October 25, 2015 … at the water’s edge

One of the great losses in life, is free access to the ports of New Zealand.

Strait Feronia

Strait Feronia in Wellington , ready to load for its next trip to Picton

I know that today the ports are subject to the same threats as airports. However, as a youngster at school, I recall wandering along the wharves in the Port of Auckland,  beside ships unloading general cargo in those distant pre-containerisation days. There were no safety officers back then to be horrified at the idea of a school lid wandering among swinging loads, net slings full of  chilled mutton carcasses, pallets laden with butter, inbound sacks full of mystery. There were the rough but kind-hearted watersiders who would “accidentally” put their hook into a sack of peanuts and reach in to give me a handful of nuts to munch on as I explored. There are very few spots from which to get close to working ships these days. Yesterday I found myself near the new ferry Strait Feronia. She is a handsome beast, of her kind.


Diver with underwater camera

The two trucks near her bow belonged to a commercial diving company, and from what I could see the divers were engaged in some problem solving near the foremost of her three bow thrusters.  I watched the diver drop into the water from the wharf, then  leave a trail of bubbles across to the thruster. From his hand-held camera he seemed to be transmitting live images back to his workmates by way of a large screen in the truck.  After a while, he swam back with the camera in front of him.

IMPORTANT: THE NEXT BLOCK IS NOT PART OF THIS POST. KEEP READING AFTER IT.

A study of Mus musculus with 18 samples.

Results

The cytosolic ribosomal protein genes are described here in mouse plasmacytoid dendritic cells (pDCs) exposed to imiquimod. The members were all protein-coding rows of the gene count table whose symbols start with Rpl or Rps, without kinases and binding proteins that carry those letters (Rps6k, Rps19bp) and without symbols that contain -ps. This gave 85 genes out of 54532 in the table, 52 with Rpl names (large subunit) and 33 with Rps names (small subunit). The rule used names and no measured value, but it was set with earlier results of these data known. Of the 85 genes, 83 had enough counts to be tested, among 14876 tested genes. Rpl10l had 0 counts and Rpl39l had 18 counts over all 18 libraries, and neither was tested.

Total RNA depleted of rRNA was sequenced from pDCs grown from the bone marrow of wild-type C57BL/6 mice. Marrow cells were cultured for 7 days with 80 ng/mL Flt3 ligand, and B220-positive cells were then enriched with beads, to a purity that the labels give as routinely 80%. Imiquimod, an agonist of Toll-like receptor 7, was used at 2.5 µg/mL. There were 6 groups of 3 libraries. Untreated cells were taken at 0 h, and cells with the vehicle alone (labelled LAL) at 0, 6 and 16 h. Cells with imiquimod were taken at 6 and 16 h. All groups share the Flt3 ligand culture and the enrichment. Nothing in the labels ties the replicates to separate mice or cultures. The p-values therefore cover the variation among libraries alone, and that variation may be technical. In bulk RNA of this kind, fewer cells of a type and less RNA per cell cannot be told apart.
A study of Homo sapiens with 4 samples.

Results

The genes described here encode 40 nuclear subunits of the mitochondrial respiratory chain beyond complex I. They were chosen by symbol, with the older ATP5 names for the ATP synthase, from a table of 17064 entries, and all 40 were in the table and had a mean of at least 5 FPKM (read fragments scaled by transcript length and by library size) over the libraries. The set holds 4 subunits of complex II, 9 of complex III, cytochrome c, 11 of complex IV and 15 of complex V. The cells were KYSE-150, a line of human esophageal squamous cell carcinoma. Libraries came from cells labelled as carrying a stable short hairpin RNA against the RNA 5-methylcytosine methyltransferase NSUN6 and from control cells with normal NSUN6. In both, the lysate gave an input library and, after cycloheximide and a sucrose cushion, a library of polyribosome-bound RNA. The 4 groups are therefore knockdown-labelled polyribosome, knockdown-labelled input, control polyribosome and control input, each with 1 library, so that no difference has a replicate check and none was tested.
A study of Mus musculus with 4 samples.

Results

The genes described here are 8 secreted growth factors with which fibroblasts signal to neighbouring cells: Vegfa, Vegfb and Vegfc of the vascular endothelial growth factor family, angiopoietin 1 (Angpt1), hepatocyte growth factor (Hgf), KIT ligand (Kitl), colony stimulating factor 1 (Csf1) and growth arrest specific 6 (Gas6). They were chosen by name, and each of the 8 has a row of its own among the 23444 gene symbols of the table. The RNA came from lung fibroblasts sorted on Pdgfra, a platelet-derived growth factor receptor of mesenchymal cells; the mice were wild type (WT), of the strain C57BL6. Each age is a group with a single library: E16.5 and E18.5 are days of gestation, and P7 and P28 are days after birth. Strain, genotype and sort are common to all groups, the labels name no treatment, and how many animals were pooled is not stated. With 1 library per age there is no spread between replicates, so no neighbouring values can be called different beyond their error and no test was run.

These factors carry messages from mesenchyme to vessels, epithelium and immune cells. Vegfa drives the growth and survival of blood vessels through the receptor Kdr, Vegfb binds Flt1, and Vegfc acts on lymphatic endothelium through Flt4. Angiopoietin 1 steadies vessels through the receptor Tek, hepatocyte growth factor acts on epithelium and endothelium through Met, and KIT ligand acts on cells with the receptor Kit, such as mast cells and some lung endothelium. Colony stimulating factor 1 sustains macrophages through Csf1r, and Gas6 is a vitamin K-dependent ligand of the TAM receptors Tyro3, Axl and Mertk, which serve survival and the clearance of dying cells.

Random items ready to cross the strait

Being a Ro-Ro ferry, most of her cargo consists of trucks which might contain almost anything. Among the trucks lined up for the next journey South was a low loader carrying a very solid-looking rubber-tyred log skidder, The next truck over had a wide-load tracked digger, but mostly the trucks were canvas-sided B-train rigs carrying wh knows what.


In sunny weather the bean bags on the grass outside the bars are very popular. The passing Hare Krishna troupe didn’t seem to attract much attention

From there I went along to the lagoon at Frank Kitts Park and since the weather was a brilliant  warm day, the bars and cafes were in full swing. A group of Hare Krishna devotees came through the crowds dancing, twirling, chanting drumming, and the crowd took scarcely any notice.

That’s all for now



About wysiwygpurple

Retirement suits me well. I spend much of my time out making pictures, or at home organizing and refining my pictures. This blog provides me with a platform from which I can indulge my passion for improving my photography and at the same time analyze my thoughts about what I have seen, where I have been and what is happening in my life. My images set out to be honest, but that does not mean I have not adjusted them. I use software to display what I saw though the viewfinder to best advantage. My preference is for landscape and nature, and is mostly centred around my hometown of Wellington, New Zealand.
This entry was posted in Industrial, Maritime, Weather, Wellington. Bookmark the permalink.

2 Responses to October 25, 2015 … at the water’s edge

  1. nzvideos says:

    Hare Krishna devotees? I haven’t seen them for many years. They were a common feature at the San Francisco airport in the ’70s. Thanks for the memory of watching ships load and unload. We use to do that at Juneau in the ’60s. One did many wanderings and “nosy” activities pre-TV.
    BTW, I can upon a very interesting photo site at: thepanoawards.com – worth a visit. Thanks Brian.

  2. John Titchener says:

    Yes, I remember it well. As High School boys, my mates and I used to often spend a Sunday afternoon wandering round the wharves at the Port of Napier, and even going onto the ships! I remember climbing up to the crow’s nest on the mast of a wartime-vintage Liberty ship. How many laws would that have broken in doing that, these days?!